Many people struggle with prayer. This is a fact. Statements like “This is boring”, “I don’t get it”, “Do I have to?” and “God doesn’t care if I pray at home or in a Church” are commonly made about prayer, and they all belie the fact that the makers of these comments all share one thing in common – a very one dimensional and often inadequate understanding of prayer and its many dimensions, causing a blasé approach to what is really important in life.
There are at least two major categories of prayer that we should be participating in on a regular basis. When we understand what these two categories are, we will be mentally fitting in and helping ourselves to tune in to what is actually happening around us. Let me explain.
Liturgical prayer is the first level. This is when we gather as one body of believers in a church, often around a central altar, and make our prayer and presence an offering of a sacrifice to God for the love of him and as an act of love for the world. At the Eucharist, we join in with the prayer and sacrifice of Christ, and it is really his prayer, not so much as it is ours. When we pray the Office of the Church either as a community or privately on our own in the silence of our homes, at work desks or in a group in a chapel or a church, or even on a bus, we also pray liturgically. These are not private prayers as such, but are our living out of the baptismal covenant that we share. Because it is a prayer for the world, and not for individual members only, it becomes a salvific act, and a universal act as well.
Contrast this with the other major category of prayer, which is personal, devotional prayer. This kind of prayer serves to open our hearts to the God of love who longs for our yearning for him so that we can be intimate with the giver of life and love.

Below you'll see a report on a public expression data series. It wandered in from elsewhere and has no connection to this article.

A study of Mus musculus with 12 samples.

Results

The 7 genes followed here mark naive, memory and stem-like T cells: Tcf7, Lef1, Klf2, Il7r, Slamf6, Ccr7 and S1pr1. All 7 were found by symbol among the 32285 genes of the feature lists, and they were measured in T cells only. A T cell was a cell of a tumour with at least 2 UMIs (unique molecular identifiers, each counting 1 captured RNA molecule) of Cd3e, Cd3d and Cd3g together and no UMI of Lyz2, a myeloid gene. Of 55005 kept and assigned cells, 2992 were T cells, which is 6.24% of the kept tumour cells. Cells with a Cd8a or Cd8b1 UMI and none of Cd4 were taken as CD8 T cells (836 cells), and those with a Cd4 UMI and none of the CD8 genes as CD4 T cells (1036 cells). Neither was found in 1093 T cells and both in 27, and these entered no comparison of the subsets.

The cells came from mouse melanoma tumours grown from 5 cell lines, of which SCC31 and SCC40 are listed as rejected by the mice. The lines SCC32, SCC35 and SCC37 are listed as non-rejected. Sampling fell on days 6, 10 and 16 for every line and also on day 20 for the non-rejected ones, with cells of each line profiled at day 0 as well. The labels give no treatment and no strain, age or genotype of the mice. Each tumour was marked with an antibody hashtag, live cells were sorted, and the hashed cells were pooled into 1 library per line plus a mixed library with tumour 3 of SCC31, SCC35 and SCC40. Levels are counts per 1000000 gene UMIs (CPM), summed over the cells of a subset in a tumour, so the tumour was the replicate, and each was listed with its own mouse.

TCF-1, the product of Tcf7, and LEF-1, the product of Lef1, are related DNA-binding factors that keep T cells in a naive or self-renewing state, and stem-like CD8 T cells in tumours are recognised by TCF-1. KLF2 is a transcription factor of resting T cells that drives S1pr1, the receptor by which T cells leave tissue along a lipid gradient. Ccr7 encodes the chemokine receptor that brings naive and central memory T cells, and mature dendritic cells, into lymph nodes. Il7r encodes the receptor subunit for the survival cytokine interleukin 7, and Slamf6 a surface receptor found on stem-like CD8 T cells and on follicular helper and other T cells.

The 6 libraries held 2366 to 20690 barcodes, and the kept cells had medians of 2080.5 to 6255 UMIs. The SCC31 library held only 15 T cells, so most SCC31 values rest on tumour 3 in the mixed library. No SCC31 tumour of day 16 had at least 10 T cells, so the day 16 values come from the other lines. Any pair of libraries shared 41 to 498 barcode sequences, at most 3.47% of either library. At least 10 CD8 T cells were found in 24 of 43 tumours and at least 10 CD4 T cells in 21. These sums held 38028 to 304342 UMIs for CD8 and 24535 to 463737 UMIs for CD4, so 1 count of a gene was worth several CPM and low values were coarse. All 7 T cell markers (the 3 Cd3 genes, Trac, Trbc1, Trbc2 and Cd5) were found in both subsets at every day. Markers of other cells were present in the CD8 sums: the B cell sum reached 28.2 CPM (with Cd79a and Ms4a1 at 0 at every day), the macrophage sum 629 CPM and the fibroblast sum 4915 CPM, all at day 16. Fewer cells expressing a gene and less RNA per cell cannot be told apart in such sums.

What makes prayer, especially liturgical prayer, both difficult to do and to appreciate is the common mistaking of one form of prayer for the other. Many will naturally feel uncomfortable and even confused when the liturgical words and community actions are deemed to be an interference, and perhaps even a hindrance to what one thinks should be simply devotional. When one is so completely happy with an empty silence of centering prayer, or praying in the solace and comforts of one’s living room, and brings this attitude into Liturgy and expects the same kind of still union on a Sunday Mass gathering, of course the ramblings of the Gloria or the badly articulated words of the Holy Holy Holy could cause inner turmoil and frustrations. What one is not aware of, is that one is actually comparing apples with oranges.
The truth is, both are indeed necessary, and both need to be done, and done well. The challenge many face is that often, only one of them is done in life, and worse is when it is only done occasionally and not on a frequent and habitual basis. The priest who is a presider at Liturgy also needs to become one who is clear about not mixing up the two forms of prayer and mixes up the two by the choice and genre of music. We need to be extra vigilant in not turning liturgical services into meditation sessions, and added challenge for any preacher is to go deep into scripture and to really pray for the world.
Ultimately, the test of whether we are getting it right is whether we are getting all flustered when we find ourselves upset at Mass because the tune of the Gloria is not what we deem a ‘nice’ melody, or that the actions are rather stiff and artificial, and that they don’t make one feel comfortable. It will show that we still think that the Mass is about us and how we feel as individuals. The fact is that, it is not about us.
It is about what we can contribute to the well-being and holiness of the world, and how the Church continues to glorify God in worship.